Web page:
A very useful principle in physics is the Ideal Gas Law, so called because it relates pressure, volume, molecular quantity, and temperature of an ideal gas together in one neat mathematical expression:
PV = nRT
P = Absolute pressure (atmospheres)
V = Volume (liters)
n = Gas quantity (moles)
R = Universal gas constant (0.0821 L · atm / mol · K)
T = Absolute temperature (K)
Although this “law” is not perfectly accurate for real gases, especially at high pressures and/or near the point of liquefaction, it is quite accurate for air near ambient temperature and pressure.
One very practical application of this law is found in a method for generating low air pressures such as those easily measured by water- or oil-based manometers.
Most mechanical air compressors generate pressures far exceeding the range of all but the largest manometers.
Though it is possible to purchase precision pressure regulators for reducing such large pressures down to a level measurable by a manometer, these devices are expensive. An alternative is to generate the air pressure with a hand pump (such as a bicycle tire pump) connected to a relatively large pressure vessel:
Without the volume of the pressure vessel connected to the tubing system, the air pressure would increase dramatically for each stroke of the air pump. With the pressure vessel connected, each pump stroke contributes a much smaller amount of additional pressure to the system. Use the Ideal Gas Law equation to explain why this is.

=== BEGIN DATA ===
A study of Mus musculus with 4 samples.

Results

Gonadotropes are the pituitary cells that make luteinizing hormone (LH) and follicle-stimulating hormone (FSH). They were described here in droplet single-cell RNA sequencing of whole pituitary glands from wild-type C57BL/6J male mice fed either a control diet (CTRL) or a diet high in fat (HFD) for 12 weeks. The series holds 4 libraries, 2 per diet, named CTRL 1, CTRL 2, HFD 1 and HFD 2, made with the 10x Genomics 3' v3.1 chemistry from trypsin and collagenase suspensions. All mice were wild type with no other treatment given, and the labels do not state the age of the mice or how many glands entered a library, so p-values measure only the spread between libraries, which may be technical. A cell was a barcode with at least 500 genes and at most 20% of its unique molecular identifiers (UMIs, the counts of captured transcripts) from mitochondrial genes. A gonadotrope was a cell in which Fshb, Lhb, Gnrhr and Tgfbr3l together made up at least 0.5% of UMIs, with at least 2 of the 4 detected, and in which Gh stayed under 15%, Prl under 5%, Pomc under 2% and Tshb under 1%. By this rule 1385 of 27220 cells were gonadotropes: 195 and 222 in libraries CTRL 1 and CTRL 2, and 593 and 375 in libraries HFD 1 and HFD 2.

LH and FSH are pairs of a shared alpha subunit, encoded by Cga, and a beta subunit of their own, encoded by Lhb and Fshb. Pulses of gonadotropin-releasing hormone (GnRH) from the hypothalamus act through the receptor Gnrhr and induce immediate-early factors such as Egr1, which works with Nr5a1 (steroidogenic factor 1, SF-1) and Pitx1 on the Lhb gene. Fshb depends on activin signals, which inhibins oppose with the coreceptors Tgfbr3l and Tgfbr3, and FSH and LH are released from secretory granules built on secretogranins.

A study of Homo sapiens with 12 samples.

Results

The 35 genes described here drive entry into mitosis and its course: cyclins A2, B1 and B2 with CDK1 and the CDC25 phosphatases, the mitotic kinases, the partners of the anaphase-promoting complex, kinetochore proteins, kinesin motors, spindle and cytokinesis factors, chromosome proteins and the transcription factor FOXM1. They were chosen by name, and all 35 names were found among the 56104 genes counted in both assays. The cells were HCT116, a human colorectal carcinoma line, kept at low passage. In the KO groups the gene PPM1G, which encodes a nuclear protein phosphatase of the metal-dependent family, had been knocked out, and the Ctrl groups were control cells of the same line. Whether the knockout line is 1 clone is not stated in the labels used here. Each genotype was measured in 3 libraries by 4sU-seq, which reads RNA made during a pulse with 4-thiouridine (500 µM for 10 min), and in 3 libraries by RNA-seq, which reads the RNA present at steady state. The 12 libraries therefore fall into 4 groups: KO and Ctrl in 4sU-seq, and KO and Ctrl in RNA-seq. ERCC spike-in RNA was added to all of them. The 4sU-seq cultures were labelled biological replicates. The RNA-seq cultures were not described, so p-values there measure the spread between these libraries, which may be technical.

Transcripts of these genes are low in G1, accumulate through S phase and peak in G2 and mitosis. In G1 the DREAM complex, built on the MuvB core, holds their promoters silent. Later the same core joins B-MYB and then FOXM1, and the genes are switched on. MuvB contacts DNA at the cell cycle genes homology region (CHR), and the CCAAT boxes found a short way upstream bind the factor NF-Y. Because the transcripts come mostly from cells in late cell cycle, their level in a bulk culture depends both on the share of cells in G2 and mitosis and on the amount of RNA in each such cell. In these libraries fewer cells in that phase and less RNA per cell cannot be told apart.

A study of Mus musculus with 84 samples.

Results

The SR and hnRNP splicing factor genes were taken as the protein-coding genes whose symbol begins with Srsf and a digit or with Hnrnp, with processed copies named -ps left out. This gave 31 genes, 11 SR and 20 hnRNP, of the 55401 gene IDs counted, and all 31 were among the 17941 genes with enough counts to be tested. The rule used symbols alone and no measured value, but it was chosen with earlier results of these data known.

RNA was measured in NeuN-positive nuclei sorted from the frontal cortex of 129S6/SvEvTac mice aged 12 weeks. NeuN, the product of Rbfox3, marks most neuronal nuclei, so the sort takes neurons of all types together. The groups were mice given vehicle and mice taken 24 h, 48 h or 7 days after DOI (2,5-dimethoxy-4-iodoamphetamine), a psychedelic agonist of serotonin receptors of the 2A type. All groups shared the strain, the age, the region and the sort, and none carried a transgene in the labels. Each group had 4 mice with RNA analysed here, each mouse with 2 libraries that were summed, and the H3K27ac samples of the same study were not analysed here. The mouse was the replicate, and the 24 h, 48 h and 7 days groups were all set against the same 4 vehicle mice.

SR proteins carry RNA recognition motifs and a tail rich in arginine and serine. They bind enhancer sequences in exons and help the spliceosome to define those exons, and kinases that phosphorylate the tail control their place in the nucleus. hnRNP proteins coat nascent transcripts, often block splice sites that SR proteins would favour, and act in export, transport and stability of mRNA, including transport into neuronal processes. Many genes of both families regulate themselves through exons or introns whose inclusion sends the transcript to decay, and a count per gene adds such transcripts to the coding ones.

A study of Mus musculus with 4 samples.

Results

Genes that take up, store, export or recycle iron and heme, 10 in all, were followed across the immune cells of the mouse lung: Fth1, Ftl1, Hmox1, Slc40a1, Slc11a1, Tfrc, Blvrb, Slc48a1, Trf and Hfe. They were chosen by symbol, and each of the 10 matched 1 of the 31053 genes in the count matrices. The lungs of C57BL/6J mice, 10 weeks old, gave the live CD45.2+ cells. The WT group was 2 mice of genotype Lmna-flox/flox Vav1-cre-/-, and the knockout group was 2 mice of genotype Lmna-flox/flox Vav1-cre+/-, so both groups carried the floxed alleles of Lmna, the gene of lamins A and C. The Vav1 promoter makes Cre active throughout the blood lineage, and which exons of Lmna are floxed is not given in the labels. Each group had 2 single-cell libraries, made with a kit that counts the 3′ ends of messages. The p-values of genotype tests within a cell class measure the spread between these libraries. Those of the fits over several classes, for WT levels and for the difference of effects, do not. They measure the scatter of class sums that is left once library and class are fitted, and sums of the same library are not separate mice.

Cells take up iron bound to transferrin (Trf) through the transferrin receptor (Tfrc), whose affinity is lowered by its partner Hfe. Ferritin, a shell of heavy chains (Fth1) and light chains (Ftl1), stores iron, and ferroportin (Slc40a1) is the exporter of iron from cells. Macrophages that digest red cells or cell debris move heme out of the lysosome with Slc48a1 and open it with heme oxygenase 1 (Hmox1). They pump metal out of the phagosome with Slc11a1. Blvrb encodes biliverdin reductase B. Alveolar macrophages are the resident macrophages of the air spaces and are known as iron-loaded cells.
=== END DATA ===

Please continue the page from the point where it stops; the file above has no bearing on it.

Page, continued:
Actuating the hand pump introduces more air molecules to the system (n).
Assuming temperature (T) remains constant, the air pressure (P) will increase in inverse proportion to the volume (V ) of the pressure vessel for each additional stroke of the pump.
More Questions for You:
Follow-up question: If we wished the pressure to increase less for every stroke of the pump, would we want a smaller pressure vessel or a larger pressure vessel? Explain your answer.
Challenge question: suppose a technician follows these steps in using this system.
- Close valve 2, open valves 1 and 3
- Pump several strokes’ worth of air into the pressure vessel
- Close valves 1 and 3
- Slowly open valve 2 until manometer registers desired pressure, then close
Is the air pressure going to the instrument under test greater than, less than, or equal to the air pressure in the vessel?
Share your answers with us through below comments section.